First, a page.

The Partisan Divide

Every time I see an article about how divided we are as a country and how uncivilized our campaigns have become, I think of a book one of my professors gave me when I was a graduate student at the University of Oregon. I’m not sure why he gave me the book, but I value it both as a resource and a reminder of the person who gave it to me. The title of the book is Presidential Campaigns, written by Paul F. Boller, Jr., copyrighted in 1984. It begins with the startling assertion that, “Presidential campaigns are a lot nicer today than they used to be.”

Cable “news” and the Internet were largely unknown to the public in 1984; but even considering these developments, Mr. Boller makes a strong case that we have yet to reach the levels of our ancestors’ partisanship. He points out that, “In 1800, Abigail Adams lamented that the contest between her husband John and Thomas Jefferson that year had exuded enough venom to ‘ruin and corrupt the minds and morals of the best people in the world.’” Boller contended that politics, although taken seriously, were also regarded as entertainment or a sport with no-holds-barred. I think we have inherited this legacy, and many of today’s practitioners are just indulging their own baser instincts in the same way they might yell obscenities at a baseball umpire. I hope I’m right because some of the things I see and hear today would be depressing if I thought the people who spoke or wrote them actually believed they were true.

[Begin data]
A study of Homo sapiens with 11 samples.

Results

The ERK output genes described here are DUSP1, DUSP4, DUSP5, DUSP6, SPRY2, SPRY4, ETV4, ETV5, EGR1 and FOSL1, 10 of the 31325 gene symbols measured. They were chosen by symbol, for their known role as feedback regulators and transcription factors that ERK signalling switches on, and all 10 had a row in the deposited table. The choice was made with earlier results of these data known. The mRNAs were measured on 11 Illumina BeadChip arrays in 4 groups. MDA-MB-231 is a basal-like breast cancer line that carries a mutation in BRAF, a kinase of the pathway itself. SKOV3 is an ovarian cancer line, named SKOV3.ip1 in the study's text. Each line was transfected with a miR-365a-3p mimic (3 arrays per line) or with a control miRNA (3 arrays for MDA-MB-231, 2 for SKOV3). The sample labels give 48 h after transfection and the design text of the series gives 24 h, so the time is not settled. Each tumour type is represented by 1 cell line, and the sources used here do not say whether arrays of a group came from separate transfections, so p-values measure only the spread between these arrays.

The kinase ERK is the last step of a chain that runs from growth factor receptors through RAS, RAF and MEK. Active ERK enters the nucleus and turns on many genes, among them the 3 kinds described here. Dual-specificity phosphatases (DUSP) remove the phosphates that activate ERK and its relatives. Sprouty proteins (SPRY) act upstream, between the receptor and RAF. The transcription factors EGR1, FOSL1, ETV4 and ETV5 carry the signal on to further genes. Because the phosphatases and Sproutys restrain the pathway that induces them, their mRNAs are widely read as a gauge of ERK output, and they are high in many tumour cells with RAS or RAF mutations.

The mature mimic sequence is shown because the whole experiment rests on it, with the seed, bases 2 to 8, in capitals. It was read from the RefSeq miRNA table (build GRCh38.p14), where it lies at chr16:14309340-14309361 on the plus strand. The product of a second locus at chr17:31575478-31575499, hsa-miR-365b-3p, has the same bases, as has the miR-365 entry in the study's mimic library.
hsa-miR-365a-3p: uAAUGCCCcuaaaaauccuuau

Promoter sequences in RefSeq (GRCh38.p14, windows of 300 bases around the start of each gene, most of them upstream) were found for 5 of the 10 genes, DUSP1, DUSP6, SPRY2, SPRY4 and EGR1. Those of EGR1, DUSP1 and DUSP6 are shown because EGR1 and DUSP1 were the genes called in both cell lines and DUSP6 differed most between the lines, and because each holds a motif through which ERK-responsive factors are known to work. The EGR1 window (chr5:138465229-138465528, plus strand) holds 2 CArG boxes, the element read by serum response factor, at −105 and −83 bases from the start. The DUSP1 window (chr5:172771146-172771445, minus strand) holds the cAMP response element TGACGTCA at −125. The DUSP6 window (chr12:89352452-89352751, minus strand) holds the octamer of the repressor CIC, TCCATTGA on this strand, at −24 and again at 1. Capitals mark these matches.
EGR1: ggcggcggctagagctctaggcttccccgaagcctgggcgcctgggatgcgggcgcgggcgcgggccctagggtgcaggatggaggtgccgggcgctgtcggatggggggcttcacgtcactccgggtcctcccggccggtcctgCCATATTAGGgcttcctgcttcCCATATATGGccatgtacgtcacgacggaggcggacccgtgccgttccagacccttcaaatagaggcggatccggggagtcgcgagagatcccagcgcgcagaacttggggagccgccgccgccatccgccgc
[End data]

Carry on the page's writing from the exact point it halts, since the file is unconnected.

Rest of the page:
At least politicians and pundits today generally refrain from physically attacking one another. Following the election of 1824, Speaker of the U.S. House of Representatives Henry Clay challenged Senator John Randolph of Virginia to a duel. While bullets flew, none struck home and the combatants lived to resume “social relations.” The attack on Senator Charles Sumner of Massachusetts in 1856 by Representative Preston Brooks of South Carolina on the floor of the U.S. Senate nearly killed Sumner and left him with a permanent disability. A few years later, Harper’s Magazine published a list of the names Abraham Lincoln was called by critics in the election of 1864: “Filthy Story-Teller, Despot, Liar, Thief, Braggart, Buffoon, Usurper, Monster, Ignoramus Abe, Old Scoundrel, Perjurer, Robber, Swindler, Tyrant, Fiend, Butcher.” Lincoln once remarked, “It is a little singular that I, who am not a vindictive man, should have always been before the people for election in canvasses marked for their bitterness.”

Lincoln’s death just over 150 years ago, on April 15, 1865, was caused by political zealots who convinced themselves that killing him was justified by the terrible things he had done. They were abetted by rhetoric dehumanizing the President to the point where he might no longer be considered human. I hope as we remember the man many consider our greatest president and as we begin another long presidential campaign, we temper our own partisan thoughts, words, and actions with his humility, patience, and tolerance.